Mauritania's current economic growth rate is not high enough to significantly dent poverty and the country will next year face the twin challenge of drought and uncertainty over mining revenues, the International Monetary Fund said.

The IMF said the country's economy will grow at 4.8 percent this year and is targeting a 5.5 percent expansion for next year, slightly below figures given by the governor of the central bank last month.

The mission and the authorities believe that 2012 will be a year of challenges linked to the effects of an acute drought and to the uncertainties surrounding mining product prices, the IMF said, without giving any further details.

Straddling black and Arab Africa on the continent's west coast, Mauritania is a country of 3.2 million people.

It has been hit by two coups since 2005 and, while a producer of iron ore, copper and gold, its oil sector has disappointed since production started in 2006.

There are fears that economic woes in Europe and the United States, the main buyers of Mauritania's minerals, could hit the country's mining industry in 2012.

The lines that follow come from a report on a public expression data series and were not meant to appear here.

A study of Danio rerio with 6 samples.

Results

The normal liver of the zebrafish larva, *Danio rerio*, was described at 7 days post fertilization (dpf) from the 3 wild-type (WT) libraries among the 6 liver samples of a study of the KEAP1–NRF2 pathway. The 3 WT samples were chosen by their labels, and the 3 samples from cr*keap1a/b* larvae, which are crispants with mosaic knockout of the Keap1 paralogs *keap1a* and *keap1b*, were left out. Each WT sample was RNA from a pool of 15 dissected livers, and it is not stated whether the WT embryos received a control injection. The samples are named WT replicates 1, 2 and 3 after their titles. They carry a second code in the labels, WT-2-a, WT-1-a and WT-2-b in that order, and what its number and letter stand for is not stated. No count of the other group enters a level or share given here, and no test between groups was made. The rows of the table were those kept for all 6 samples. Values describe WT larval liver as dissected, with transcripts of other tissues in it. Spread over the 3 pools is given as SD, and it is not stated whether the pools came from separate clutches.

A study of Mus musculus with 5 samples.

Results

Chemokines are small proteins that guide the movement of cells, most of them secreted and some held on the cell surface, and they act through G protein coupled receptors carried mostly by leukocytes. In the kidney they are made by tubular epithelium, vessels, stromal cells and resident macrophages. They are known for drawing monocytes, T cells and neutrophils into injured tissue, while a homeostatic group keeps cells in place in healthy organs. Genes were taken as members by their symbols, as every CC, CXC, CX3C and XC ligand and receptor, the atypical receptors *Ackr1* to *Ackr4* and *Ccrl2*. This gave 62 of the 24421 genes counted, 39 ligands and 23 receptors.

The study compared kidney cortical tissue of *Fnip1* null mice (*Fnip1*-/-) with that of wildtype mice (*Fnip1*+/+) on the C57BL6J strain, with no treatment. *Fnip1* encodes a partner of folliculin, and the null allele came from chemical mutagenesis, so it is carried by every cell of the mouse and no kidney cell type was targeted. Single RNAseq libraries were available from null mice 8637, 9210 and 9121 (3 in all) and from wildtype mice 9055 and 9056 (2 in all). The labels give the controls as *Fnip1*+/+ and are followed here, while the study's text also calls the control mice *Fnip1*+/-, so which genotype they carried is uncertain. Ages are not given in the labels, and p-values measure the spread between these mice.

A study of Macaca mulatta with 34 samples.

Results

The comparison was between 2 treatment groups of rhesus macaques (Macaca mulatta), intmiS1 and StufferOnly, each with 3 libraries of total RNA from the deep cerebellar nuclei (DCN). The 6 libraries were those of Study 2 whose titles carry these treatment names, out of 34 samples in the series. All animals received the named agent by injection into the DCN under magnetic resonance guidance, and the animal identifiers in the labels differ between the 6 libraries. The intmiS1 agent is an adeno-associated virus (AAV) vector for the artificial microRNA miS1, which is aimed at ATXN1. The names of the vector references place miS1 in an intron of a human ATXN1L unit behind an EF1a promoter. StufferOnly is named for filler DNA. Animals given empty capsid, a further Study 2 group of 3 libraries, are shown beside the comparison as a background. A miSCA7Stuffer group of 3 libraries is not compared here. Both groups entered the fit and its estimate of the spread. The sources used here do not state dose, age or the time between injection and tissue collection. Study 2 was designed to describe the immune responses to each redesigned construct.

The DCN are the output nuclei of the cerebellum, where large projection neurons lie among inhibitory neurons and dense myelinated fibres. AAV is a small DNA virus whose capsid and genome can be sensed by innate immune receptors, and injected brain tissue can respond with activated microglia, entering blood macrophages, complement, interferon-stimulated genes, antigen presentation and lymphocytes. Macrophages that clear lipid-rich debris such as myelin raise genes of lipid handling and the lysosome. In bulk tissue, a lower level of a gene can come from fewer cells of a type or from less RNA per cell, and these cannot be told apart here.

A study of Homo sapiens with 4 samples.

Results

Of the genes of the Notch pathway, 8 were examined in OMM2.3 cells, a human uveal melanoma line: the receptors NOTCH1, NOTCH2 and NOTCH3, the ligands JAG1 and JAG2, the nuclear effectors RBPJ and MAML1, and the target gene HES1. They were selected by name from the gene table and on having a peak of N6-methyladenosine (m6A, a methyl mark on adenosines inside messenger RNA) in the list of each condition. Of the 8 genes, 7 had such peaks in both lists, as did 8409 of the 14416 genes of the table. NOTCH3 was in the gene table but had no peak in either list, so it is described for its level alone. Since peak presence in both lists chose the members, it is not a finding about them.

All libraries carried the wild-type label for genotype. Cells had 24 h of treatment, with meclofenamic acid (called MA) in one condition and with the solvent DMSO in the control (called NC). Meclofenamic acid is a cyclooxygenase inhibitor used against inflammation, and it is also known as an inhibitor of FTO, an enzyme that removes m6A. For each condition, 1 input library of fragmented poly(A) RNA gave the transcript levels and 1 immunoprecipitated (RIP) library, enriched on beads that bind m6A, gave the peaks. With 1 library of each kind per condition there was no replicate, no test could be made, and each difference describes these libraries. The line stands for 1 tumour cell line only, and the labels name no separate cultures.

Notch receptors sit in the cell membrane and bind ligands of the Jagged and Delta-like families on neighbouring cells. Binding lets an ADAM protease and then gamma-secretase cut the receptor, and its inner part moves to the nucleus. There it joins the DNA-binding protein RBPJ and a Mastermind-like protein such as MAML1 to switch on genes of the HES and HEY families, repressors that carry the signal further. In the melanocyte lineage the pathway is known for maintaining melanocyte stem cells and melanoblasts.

Following a mission to the country, the IMF said construction, public works and manufacturing were performing well and mining exports had boosted foreign reserves to $522 million, or 3.8 months of imports, by the end of September.

However, growth is not yet sufficiently anchored in job-creating activities capable of achieving significant reductions in the high rates of unemployment and poverty, it said in a statement issued late on Monday.

The IMF said the country had agreed to set a target for maintaining inflation at around 7 percent.

The country has generally been more stable since General Mohamed Ould Abdel Aziz seized power in a 2008 coup and then won an election the following year.

However, poverty is widespread, political frustrations still simmer and a string of kidnappings and attacks by gunmen linked to al Qaeda have shaken security.